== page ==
Say what you like about Big Sam falling for the Telegraph’s bogus businessmen but the media sting has fooled many a hard-bitten operator before now.
Over the years, high profile ‘victims’ from Kieren Fallon and Vince Cable to Tulisa and Sarah Ferguson show that the sting can penetrate every sphere of life, from sport to politics.
The Telegraph sting was sophisticated and most of us are unlikely to ever see our unguarded comments published in the nationals. But there are a few principles that can help you to protect your reputation and in some cases your freedom…
Protect your reputation and in some cases your freedom…
- Apply the transparency test – don’t do anything you wouldn’t want your mum to know about. If you can imagine yourself on the doorstep of your house or outside a courtroom having to defend your decision, it’s possibly the wrong one. At the very least, it’s a decision you should take after serious consideration of the consequences and implications.
- Imagine your conversation is being televised (like Sam’s this morning – can you imagine a worse thing to wake up to). There are often very good reasons to keep discussions or transactions secret, but if the reason is embarrassment to you or your employer, there’s another clue for you that you’re probably in what is euphemistically called ‘a grey area’. If your decision needs to be made in a smoke-filled room, chances are it may not be the best example of corporate governance.
- Obey the code. If you are going extra-curricular, be aware of a) your professional/contractual obligations, b) your legal obligations and c) any regulatory code you are subject to before you go into the meeting. Your stakeholders/shareholders/clients may also be keen on you demonstrating you have ethics too – businesses have failed and succeeded on less.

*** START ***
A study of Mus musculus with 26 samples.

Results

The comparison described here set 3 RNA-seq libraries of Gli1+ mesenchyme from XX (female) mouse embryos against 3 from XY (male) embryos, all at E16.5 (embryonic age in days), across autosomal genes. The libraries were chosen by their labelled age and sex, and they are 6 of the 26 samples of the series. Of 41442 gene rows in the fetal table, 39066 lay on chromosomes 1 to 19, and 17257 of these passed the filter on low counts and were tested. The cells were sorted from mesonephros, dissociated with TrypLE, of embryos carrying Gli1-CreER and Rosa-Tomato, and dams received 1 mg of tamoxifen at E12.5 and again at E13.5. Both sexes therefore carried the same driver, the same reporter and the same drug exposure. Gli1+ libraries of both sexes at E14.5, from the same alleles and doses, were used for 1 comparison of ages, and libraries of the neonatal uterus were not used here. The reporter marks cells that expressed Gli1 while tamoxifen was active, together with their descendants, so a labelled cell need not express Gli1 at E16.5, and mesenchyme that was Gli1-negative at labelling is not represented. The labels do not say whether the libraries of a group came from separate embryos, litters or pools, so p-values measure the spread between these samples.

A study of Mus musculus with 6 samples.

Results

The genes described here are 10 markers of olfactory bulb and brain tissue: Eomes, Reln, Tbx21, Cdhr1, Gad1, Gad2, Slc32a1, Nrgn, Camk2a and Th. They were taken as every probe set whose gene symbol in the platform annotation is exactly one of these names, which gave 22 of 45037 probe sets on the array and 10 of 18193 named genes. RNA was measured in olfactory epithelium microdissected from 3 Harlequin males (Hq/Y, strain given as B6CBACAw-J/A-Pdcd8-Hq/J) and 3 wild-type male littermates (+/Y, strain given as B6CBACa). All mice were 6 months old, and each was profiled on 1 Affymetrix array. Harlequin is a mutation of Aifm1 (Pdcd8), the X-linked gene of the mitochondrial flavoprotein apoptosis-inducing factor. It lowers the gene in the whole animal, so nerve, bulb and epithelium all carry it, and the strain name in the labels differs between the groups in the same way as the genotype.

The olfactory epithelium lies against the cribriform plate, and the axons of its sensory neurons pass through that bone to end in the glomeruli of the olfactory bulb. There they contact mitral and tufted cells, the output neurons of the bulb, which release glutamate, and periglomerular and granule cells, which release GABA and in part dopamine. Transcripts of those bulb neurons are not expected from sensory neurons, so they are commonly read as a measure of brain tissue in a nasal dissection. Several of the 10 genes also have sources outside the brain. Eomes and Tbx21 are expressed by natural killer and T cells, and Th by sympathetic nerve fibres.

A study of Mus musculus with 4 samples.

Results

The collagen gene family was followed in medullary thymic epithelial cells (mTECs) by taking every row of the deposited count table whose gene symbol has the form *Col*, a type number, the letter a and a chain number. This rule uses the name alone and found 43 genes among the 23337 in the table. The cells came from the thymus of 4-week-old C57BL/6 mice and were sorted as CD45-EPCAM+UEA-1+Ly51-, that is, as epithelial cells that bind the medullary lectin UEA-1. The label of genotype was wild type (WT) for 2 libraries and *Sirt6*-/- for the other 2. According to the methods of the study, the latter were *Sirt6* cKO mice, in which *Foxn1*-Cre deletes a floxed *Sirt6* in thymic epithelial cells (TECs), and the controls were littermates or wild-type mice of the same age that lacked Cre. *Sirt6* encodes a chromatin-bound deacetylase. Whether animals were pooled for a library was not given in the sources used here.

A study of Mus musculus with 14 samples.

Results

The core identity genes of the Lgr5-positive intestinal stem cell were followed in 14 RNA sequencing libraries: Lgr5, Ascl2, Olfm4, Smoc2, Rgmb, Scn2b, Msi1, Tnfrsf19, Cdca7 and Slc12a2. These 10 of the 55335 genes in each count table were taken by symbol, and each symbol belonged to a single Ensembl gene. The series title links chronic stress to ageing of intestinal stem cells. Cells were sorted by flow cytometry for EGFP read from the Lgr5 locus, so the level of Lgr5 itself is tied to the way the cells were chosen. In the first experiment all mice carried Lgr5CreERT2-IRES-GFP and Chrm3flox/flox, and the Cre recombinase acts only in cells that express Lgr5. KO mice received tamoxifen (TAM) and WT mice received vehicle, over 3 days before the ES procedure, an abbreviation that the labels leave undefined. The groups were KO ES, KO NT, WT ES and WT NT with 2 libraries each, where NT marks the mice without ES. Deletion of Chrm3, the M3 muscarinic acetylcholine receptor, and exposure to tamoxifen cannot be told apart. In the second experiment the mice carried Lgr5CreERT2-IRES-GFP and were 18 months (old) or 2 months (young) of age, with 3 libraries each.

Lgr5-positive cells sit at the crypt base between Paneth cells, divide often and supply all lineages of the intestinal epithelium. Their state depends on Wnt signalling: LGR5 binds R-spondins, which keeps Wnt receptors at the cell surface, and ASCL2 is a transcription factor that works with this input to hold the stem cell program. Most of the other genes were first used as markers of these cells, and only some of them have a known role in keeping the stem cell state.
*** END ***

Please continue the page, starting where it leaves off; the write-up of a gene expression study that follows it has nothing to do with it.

Some stings are simple fishing exercises
- Some stings are simple fishing exercises – ‘let’s use a shed-load of money to see if we can tempt so-and-so into doing something embarrassing’. But these are widely considered unethical and are therefore rare beasts. Instead, stings tend to be as a result of tip-offs about existing patterns of behaviour. In general (even if you aren’t newspaper fodder) the more you make unguarded comments or secret deals, the higher the chance of being exposed. But even if you are a big fish and you are ‘fished’ by a journalist, entrapment is not a defence recognized in the English legal system.
- Do the blackmail test – if someone could extract money from you by threatening to expose what you are about to say or do, it’s almost certainly a bad idea from a reputational point of view
- The use of the non-disclosure agreement – I’m willing to bet that no journalist involved in a successful sting operation was ever asked to sign one. It’s very doubtful whether an NDA would have applied in this case (Sam’s secret formula for international success does not appear to be on the table), but it’s often worth consulting lawyers about how to protect your business brand if there is a deal on the table that impacts it.